In Case You Missed It: Grad School Panel

On March 22nd, 2017, the Psychology and Human Development Departments put on an event featuring a short talk from both Dr. Martin and Dr. Burns, and a panel discussion with three current students who were accepted to graduate programs. Here are a few things we learned and talked about!

Credit to: http://www.briancroxall.net/2015/07/28/keep-calm-and-carry-on-finding-and-building-phd-career-paths/

Credit: http://www.briancroxall.net/2015/07/28/keep-calm-and-carry-on-finding-and-building-phd-career-paths/

What is grad school like?

  • Masters Programs
    • Typically 2 to 3 years
    • Depending on the program, you may have to fund your education
      • Sometimes, there is funding available through TA or RA positions
  • Doctoral Programs
    • Typically 4 to 6 years
    • Most of the time, you can receive funding for your education through TA or RA positions.
    • These programs are highly competitive and harder to get into.
  • Fewer classes, which can be intensive, but less structured than undergraduate classes
  • As a student, it is your responsibility to organize and prioritize your assignments. There may not be deadlines for assignments, but they need to get done.

How do you decide where to go to graduate school?

  • Look for programs that match your goals, research interests, and faculty you see yourself being able to work with.
  • Make sure you are willing to live where the graduate school is located. If you know you don’t want to live somewhere, don’t apply to schools in that area.
  • Look for numbers of students accepted, internship placement rates, retention rates, licensure of the school, etc. to make an educated choice.
  • Grad School Panel Students say: Research the school! It will help you decide, and it will help you if you need to interview for questions, etc.

The Application Process:

  • Applications will typically include: a form, transcripts to all institutions (read directions for each school carefully), resume/curriculum vitae, writing sample, GRE/MAT or others, a personal statement, and letters of recommendation.
  • More specifically…
    • The Personal Statement: usually an essay describing (sometimes there is a prompt) your goals, why you want to go to graduate school/that specific school, and how that school will help you meet your goals.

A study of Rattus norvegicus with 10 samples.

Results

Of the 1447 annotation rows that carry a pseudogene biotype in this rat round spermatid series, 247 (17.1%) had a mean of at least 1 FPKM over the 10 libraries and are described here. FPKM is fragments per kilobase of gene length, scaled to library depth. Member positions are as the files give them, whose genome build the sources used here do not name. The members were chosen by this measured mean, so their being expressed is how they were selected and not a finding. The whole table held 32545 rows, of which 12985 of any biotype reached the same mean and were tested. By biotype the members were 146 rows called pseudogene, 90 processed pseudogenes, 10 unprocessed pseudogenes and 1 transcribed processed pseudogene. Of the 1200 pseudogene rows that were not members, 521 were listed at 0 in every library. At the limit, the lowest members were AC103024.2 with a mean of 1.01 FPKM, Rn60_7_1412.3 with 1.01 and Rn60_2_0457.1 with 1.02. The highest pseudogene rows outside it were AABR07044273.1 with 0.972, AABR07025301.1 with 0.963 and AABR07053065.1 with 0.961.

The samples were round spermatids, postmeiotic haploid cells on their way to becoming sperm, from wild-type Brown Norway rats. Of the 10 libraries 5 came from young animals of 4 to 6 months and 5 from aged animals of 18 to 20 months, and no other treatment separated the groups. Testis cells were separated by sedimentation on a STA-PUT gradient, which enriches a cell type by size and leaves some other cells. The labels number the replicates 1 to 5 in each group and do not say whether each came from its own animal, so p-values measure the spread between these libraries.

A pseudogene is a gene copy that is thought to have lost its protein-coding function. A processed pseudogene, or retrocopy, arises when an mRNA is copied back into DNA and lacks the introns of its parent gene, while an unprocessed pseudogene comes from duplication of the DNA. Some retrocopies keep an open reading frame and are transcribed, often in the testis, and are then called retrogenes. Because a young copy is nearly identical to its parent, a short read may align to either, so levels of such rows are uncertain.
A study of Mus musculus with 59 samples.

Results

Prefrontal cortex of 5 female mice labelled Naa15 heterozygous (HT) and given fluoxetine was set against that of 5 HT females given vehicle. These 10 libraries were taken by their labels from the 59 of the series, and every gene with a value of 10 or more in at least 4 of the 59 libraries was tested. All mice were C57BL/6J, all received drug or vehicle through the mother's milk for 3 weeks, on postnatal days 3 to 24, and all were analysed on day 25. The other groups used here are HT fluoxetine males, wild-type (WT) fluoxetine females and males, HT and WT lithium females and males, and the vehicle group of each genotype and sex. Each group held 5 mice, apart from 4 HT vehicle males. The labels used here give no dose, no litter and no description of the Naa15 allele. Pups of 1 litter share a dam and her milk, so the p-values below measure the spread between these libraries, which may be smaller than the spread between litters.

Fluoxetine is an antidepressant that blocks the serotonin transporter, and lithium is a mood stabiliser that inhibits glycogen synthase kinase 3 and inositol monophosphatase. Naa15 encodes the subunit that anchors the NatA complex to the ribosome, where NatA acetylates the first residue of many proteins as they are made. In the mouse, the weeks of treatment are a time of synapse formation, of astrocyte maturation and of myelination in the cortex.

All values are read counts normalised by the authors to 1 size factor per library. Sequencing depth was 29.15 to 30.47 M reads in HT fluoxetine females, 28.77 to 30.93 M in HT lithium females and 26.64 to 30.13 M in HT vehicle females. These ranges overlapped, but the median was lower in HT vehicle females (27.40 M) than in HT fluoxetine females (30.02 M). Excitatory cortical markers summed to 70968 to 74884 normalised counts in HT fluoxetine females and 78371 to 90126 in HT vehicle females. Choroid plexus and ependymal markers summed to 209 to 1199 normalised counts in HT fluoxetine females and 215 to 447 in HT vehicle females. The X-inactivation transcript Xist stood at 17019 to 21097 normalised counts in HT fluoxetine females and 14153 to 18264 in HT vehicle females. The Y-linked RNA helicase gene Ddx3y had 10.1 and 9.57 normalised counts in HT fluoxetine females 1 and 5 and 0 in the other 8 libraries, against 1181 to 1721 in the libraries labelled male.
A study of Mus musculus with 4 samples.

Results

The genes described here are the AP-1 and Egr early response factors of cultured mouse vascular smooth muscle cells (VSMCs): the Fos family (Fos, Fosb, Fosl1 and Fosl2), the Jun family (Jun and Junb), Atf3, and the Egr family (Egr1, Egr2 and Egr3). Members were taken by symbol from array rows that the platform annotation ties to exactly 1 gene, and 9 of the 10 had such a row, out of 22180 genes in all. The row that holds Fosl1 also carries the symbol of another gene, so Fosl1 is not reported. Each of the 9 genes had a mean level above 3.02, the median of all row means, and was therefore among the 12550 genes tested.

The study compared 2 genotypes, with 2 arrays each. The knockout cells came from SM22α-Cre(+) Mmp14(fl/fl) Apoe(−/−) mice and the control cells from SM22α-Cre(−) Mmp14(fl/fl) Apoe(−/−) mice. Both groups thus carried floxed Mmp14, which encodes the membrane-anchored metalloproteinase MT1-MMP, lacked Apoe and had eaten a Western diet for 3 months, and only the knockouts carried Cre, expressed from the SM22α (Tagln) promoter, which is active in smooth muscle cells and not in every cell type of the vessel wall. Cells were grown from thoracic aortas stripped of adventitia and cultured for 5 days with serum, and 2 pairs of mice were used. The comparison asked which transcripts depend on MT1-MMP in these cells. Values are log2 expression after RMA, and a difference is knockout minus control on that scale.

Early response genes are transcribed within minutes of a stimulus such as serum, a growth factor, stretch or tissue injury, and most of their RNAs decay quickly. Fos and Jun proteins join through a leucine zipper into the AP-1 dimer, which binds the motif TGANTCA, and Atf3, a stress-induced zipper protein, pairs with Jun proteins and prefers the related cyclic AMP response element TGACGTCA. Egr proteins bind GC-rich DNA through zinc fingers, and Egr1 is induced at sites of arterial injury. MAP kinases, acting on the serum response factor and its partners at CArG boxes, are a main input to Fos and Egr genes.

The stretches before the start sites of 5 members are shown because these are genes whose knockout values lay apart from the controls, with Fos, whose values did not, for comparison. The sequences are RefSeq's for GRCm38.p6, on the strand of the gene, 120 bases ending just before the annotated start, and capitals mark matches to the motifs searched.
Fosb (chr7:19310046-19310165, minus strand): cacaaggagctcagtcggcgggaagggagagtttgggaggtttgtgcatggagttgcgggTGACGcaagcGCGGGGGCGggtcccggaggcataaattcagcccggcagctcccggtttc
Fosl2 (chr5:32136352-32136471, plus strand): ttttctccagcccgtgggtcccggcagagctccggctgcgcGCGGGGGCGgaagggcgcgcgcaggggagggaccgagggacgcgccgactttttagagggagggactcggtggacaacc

• Make sure to have others read your personal statement. It is extremely important to double check for spelling or grammatical errors.
    • Grad Panel Students say: Write, revise, fix again, edit, and continue. Start your personal statements early! Have Career Services and your advisor read over it and make sure to revise. You will also need to write different personal statements for each school. Most of the time, they ask unique and specific questions.
  • The Graduate Record Exam (GRE)
    • The GRE is a standardized test, much like the ACT, for graduate admissions.
      • Most students will only need to take the GRE, but some may be asked to take the Psychology Subject Test as well.
    • There is a fee associated with taking the exam, so plan for that.
    • Some schools require different tests, like the Miller Analogies Test (MAT).
    • Grad Panel Students say: Plan early! Also, plan financially because the test does cost money, and it can cost money to send scores. You can send up to four scores at the time of the exam, but you will have to pay afterwards to send to more schools. Also, make sure to study!
  • Letters of Recommendation
    • Most of the time, you will be asked to have between 2 to 3 letters from faculty.
    • The people that you ask to write you letters should know you well enough to write you a strong letter.
  • The Cost of Applying
    • The fees associated with applying to graduate school are usually the application form, the standardized test you may be required to take, getting your official transcripts sent to each school, and if you need to travel for interviews or visits.
    • On average, students will spend around $700 on everything. However, some students spend more, and some students spend less.
Credit to: https://blog.uvm.edu/afterword/category/people/page/3/

Credit: https://blog.uvm.edu/afterword/category/people/page/3/

We hope this helps! Good luck on your search for schools and applying! Remember, the faculty in the Psychology and Human Development are always willing to help! They are amazing resources to use, so make sure to ask questions when you have them. Want to learn more? Click the links below!